The UCLA men’s basketball team set out on its “revenge” tour of the Pac-12 conference on Thursday when it played host to Stanford at the Los Angeles Sports Arena, hoping to avenge December’s one-point loss to Stanford.
The teams’ previous meeting featured a seesaw battle in which UCLA never led during the second half. Thursday, the Bruins played tough defense throughout and prevailed with a gritty 72-61 win in their second go around with the Cardinal.
“I think we’re a much improved team than when we played in late December and I think they’re a better team,” said a relieved UCLA coach Ben Howland. “We built a nice lead in the first half twice and each time they grinded their way back into the game. We hit some big shots down the stretch.”
The Bruins opened the first half strong, building a 16-point advantage but as this year’s Bruin team is wont to do, they started the second half by letting the Cardinal sneak back into the game. Rather than letting their double-digit second half lead erode like they did three times earlier this season, the Bruins buckled down.
UCLA (14-10, 7-5 Pac-12) put to use the defensive techniques that Howland has built his career around, coming away with a season-high 15 steals and 11 blocks. UCLA also made the most of Stanford’s (16-8, 6-6) miscues by putting in 28 points off turnovers.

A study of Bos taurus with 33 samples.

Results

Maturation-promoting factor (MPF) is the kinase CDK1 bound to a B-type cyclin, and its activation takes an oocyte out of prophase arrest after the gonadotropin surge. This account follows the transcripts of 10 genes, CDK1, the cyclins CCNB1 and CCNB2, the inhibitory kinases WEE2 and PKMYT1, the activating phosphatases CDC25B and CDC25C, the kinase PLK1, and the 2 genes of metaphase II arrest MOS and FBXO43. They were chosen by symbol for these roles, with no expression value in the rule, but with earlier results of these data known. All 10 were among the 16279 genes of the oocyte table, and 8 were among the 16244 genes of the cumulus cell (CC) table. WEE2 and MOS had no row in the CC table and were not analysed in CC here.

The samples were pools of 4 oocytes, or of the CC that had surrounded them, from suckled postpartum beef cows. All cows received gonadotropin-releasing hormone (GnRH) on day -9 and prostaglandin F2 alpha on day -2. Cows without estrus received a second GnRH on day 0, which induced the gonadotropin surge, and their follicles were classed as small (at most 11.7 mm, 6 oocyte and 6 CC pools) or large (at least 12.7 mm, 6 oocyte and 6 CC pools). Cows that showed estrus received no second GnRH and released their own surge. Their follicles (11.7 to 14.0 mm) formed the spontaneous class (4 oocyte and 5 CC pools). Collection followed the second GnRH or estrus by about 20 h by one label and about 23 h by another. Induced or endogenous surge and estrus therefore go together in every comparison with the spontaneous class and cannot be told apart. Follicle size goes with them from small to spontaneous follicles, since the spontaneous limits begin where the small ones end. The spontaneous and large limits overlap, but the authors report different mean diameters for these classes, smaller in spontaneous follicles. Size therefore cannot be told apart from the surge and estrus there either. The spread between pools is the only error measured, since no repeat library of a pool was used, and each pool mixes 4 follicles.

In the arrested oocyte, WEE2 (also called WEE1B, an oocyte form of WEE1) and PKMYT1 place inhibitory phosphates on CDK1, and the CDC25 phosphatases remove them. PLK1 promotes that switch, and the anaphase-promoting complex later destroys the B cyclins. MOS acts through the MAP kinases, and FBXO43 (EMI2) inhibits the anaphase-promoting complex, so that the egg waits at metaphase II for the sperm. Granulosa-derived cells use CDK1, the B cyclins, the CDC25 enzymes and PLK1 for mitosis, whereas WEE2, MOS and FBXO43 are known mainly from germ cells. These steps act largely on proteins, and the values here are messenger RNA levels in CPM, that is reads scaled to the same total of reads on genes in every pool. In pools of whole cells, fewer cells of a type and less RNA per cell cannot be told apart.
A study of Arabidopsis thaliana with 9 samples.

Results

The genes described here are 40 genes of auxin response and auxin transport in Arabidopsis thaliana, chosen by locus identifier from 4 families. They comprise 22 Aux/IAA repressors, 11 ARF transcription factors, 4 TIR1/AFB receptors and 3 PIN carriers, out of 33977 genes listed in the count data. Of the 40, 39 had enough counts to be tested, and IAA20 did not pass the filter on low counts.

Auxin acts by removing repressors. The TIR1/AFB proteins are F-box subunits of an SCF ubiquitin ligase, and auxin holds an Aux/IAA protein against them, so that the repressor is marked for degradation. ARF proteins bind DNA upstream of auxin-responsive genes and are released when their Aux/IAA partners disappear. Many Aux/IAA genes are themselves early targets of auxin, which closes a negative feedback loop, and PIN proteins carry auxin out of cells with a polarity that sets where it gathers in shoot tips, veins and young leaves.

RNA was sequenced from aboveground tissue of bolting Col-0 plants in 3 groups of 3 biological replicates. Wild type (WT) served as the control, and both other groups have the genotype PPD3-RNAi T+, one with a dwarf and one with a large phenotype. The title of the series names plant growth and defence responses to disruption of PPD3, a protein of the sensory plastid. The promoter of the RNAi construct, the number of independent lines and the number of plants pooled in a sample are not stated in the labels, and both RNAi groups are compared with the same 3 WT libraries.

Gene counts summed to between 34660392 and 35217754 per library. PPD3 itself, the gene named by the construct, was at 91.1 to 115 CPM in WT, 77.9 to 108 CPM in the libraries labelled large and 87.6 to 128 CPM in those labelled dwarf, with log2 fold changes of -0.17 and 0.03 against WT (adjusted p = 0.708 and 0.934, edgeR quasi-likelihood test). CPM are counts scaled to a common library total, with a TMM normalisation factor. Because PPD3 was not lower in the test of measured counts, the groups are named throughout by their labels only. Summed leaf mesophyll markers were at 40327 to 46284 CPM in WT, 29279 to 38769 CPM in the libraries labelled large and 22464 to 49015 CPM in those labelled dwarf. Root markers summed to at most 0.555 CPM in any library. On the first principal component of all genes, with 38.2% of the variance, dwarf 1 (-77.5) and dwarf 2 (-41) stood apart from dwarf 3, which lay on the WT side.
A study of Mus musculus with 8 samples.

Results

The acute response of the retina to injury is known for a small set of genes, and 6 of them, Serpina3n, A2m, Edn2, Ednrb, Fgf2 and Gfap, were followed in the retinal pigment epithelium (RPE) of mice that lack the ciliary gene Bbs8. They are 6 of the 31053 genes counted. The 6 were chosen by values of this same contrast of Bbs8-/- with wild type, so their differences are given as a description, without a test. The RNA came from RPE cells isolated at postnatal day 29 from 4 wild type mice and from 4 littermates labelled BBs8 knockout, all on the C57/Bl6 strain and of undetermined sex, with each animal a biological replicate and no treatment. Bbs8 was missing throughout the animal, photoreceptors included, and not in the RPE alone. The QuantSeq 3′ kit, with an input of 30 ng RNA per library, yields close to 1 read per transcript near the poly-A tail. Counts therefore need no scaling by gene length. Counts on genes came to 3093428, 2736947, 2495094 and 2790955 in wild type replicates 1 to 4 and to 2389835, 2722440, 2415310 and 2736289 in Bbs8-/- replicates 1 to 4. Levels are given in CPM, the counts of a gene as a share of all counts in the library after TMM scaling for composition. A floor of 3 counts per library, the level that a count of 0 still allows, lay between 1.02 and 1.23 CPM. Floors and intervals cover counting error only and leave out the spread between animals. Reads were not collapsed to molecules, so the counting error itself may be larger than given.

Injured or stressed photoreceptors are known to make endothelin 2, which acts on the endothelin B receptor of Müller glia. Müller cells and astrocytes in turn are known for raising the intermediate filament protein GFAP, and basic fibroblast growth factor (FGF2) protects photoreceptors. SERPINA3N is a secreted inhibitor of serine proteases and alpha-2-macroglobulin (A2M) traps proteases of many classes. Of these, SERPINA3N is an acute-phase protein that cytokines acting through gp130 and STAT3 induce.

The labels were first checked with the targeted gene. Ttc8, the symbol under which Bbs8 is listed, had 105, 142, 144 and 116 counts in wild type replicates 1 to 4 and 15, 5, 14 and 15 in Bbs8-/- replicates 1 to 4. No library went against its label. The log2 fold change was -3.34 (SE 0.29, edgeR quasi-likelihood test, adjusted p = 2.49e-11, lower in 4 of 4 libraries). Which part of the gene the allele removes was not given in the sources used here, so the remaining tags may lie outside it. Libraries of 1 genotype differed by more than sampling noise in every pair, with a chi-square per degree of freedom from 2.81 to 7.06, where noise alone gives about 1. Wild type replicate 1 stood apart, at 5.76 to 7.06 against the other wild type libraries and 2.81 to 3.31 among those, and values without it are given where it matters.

“It was a tightly called game so we tried to do our best to get them to take bad shots,” said redshirt sophomore forward Travis Wear. “When you play good defense like that, we’re going to come up with steals and blocks.”
Senior guard Lazeric Jones turned heads in the second half when he made an acrobatic steal and turned it into a behind-the-back fast break assist all in one motion. Fellow senior guard Jerime Anderson finished the job.
“I saw the play developing so I just ran up court and I knew he would get the ball to me, but I didn’t think he would throw it behind his back,” Anderson said of the play.
With the win, UCLA’s home record now stands at a perfect 5-0 in conference play, remarkable considering the Bruins haven’t played a game on campus all season.
The Sports Arena again showed flashes of what a home-court advantage can really offer, building on a Jan. 28 win over Colorado in which Howland applauded the fans’ enthusiasm.
Enigmatic sophomore center Joshua Smith followed up arguably the best weekend of his UCLA career with a sloppy performance Thursday. The big man picked up three fouls in the first half and was forced to play the majority of the second half while trying to avoid a foul-out.
Howland said the key to sustaining success for Smith is to “stay out of foul trouble and slow down.”
“I’m sure he’ll bounce back on Saturday,” Howland said.
UCLA now looks forward to Saturday’s matchup with California, who beat USC on Thursday and now finds itself in a tie for first place in the conference; as Oregon beat previous frontrunner Washington at home on Thursday.